New doc explores Billy Williams' life, career

December 25th, 2021

CHICAGO -- Each spring, as the Cubs prepped for their upcoming season, Fergie Jenkins marveled at how tended to his new batch of baseball bats.

"He'd weigh them," Jenkins said. "He'd varnish them down, sand them, get the right weight, everything. He'd get two or three dozen bats and then think things over, and he'd keep a dozen."

Then, Williams went out and hit.

"Sweet Swingin' Billy," Jenkins said.

The story of how a soft-spoken Williams let his bats do the talking for him -- all the way to the Baseball Hall of Fame -- is told in an hour-long documentary on Marquee Sports Network. "Billy Williams: The Sweet Swinger" premiered Friday and is scheduled to air numerous times on the network's broadcast schedule.

Like "Glory and Grief: The Ferguson Jenkins Story," which first aired in June, the documentary about Williams' life features extensive footage from the MLB archives and interviews with teammates, including Jenkins and Randy Hundley.

MLB Network and Marquee Sports Network Films previously teamed to produce documentaries on Ernie Banks and Harry Carary.

"Billy Williams left an indelible mark on Cubs fans through his on-field performance, always letting his actions speak louder than words," Mike Santini, Marquee Sports Network senior vice president of programming and production, said in a release.

"We're grateful to MLB Network for sharing his story so eloquently, connecting with past teammates for exclusive interviews and uncovering archival interviews with Ernie Banks, to show the full impact of Billy's legacy that carries to this day."

Williams -- a native of Whistler, Ala. -- played 16 of his 18 Major League seasons with the Cubs, rising to stardom on the beloved Chicago teams in the 1960s and hitting his stride in the early '70s. The outfielder was the National League's MVP runner-up twice (in '70 and '72, both times to Johnny Bench).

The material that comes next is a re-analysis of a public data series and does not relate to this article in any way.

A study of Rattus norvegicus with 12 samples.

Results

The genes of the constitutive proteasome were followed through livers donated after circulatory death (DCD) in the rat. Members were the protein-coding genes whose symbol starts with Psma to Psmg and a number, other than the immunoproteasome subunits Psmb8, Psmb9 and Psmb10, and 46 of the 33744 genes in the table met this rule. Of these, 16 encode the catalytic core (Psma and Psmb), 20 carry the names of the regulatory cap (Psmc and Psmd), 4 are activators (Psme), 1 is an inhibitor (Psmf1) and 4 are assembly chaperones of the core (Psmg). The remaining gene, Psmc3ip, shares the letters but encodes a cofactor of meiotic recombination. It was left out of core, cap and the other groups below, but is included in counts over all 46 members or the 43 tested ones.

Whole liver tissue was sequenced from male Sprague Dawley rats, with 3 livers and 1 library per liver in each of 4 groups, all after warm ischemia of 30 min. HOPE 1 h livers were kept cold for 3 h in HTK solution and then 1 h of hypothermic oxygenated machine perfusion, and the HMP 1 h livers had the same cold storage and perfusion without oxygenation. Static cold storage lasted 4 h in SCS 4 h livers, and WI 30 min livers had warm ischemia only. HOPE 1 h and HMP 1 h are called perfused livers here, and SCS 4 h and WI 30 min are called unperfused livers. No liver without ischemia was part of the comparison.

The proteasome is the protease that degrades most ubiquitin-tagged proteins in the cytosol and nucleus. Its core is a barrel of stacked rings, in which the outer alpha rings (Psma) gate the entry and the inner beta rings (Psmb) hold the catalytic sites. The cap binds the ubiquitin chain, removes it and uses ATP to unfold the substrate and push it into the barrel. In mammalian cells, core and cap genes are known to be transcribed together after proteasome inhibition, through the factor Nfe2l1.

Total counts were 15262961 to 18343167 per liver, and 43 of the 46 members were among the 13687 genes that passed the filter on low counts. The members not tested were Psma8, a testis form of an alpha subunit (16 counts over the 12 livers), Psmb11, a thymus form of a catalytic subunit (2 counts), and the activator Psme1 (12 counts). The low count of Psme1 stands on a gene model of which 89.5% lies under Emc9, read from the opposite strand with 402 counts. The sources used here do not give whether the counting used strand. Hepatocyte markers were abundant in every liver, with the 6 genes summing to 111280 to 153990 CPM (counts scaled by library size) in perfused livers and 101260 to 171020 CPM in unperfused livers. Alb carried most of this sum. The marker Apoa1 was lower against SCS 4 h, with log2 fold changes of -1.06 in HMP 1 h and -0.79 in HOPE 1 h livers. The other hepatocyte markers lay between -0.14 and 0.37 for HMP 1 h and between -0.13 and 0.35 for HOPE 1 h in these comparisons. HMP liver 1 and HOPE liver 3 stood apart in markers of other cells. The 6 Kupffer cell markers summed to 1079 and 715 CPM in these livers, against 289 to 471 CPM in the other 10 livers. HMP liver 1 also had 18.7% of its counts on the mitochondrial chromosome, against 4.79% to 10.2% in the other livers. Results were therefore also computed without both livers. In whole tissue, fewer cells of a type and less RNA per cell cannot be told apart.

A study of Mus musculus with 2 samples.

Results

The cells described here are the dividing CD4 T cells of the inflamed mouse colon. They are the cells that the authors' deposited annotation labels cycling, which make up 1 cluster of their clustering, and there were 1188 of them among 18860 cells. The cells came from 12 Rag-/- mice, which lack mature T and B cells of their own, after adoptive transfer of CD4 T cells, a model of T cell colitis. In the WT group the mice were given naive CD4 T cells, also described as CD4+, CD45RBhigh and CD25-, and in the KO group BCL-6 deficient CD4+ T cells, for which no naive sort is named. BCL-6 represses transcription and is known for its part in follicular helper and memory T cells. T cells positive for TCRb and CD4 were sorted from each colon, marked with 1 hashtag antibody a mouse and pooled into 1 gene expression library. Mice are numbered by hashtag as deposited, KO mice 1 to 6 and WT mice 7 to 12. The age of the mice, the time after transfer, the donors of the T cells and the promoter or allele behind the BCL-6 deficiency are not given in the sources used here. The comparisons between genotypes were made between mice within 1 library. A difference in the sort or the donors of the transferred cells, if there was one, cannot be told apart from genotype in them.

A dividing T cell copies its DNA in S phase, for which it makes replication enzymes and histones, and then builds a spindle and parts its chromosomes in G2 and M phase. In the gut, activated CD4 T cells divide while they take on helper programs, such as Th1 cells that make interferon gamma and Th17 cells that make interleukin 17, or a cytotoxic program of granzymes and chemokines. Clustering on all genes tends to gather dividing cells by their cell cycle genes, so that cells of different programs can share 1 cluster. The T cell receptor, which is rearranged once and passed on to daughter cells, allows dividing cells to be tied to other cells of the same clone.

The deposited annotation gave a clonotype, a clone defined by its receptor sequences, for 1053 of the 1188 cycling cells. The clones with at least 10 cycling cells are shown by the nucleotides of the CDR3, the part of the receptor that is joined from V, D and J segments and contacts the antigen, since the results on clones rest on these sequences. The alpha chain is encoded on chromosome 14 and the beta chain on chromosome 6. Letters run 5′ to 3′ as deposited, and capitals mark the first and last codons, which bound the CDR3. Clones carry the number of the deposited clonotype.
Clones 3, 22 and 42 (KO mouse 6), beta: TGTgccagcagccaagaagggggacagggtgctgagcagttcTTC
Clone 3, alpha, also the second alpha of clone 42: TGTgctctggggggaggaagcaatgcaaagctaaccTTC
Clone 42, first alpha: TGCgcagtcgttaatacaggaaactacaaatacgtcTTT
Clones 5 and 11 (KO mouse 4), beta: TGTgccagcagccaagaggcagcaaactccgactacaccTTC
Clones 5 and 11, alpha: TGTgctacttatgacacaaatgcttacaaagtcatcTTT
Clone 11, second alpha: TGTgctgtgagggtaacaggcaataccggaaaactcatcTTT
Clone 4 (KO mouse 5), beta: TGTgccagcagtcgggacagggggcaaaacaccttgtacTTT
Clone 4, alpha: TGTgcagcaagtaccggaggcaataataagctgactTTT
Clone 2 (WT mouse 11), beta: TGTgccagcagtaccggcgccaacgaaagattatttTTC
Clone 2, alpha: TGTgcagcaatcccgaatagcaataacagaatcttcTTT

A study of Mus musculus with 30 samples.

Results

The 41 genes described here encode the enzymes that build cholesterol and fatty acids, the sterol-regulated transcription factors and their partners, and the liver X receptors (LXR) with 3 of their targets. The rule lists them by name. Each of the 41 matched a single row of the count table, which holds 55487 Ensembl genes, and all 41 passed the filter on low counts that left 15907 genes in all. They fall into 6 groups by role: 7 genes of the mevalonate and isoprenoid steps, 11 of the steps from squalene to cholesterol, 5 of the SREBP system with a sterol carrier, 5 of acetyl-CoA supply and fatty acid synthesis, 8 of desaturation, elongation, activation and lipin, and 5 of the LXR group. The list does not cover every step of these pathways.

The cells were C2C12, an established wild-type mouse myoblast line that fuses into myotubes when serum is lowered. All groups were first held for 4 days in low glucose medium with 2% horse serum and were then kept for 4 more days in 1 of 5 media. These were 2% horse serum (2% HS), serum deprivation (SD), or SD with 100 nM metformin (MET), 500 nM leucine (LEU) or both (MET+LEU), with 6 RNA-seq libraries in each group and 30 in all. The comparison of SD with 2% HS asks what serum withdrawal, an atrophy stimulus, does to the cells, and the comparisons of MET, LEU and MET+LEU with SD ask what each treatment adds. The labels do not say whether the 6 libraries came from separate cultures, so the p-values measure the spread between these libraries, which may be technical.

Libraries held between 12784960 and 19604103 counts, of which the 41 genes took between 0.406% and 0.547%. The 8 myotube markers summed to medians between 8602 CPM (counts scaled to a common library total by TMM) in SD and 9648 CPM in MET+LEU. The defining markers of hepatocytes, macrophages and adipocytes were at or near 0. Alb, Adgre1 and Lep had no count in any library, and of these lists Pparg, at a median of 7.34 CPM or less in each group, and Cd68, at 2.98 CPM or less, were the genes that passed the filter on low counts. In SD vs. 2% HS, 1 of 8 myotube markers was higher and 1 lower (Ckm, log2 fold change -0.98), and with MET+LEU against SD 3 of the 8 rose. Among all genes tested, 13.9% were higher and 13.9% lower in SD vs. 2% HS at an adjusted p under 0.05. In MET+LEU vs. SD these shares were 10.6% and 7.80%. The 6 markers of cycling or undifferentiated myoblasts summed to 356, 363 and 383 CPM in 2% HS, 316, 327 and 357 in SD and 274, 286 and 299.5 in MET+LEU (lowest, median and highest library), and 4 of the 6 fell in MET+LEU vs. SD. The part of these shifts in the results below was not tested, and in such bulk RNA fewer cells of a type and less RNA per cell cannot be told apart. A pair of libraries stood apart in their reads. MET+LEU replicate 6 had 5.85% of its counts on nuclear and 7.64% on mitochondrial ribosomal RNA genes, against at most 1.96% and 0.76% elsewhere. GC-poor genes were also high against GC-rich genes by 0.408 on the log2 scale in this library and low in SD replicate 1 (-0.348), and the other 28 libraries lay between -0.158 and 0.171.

In 1970, Williams led the Majors in runs (137), hits (205) and total bases (373). Two years later, he was arguably even better, capturing the NL batting title with a .333 average and ending with a .398 on-base percentage and a .606 slugging percentage to go with his 37 homers, 34 doubles, 122 RBIs and more walks (62) than strikeouts (59) in 150 games.

Williams won the NL Rookie of the Year Award in 1961, was a six-time All-Star and finished his career with 426 home runs, 434 doubles, 2,711 hits and a .290 average. He earned a place in the National Baseball Hall of Fame in 1987.

"Everybody talked about his swing," Jenkins said. "He was short and quick. He had quick hands -- really strong hands and forearms. And he didn't get fooled. He was, I think, a patient, diligent hitter. He'd watch the pitchers all the time."

Williams also set an NL record for consecutive games played with 1,117 across the 1963-70 seasons -- a mark later broken by Steve Garvey.

"Billy Williams is the best hitter, day-in and day-out, that I have ever seen," longtime teammate Don Kessinger is quoted as saying on the Hall of Fame's website. "He's unbelievable. He didn't hit for just one or two days, or one or two weeks. He hit all the time."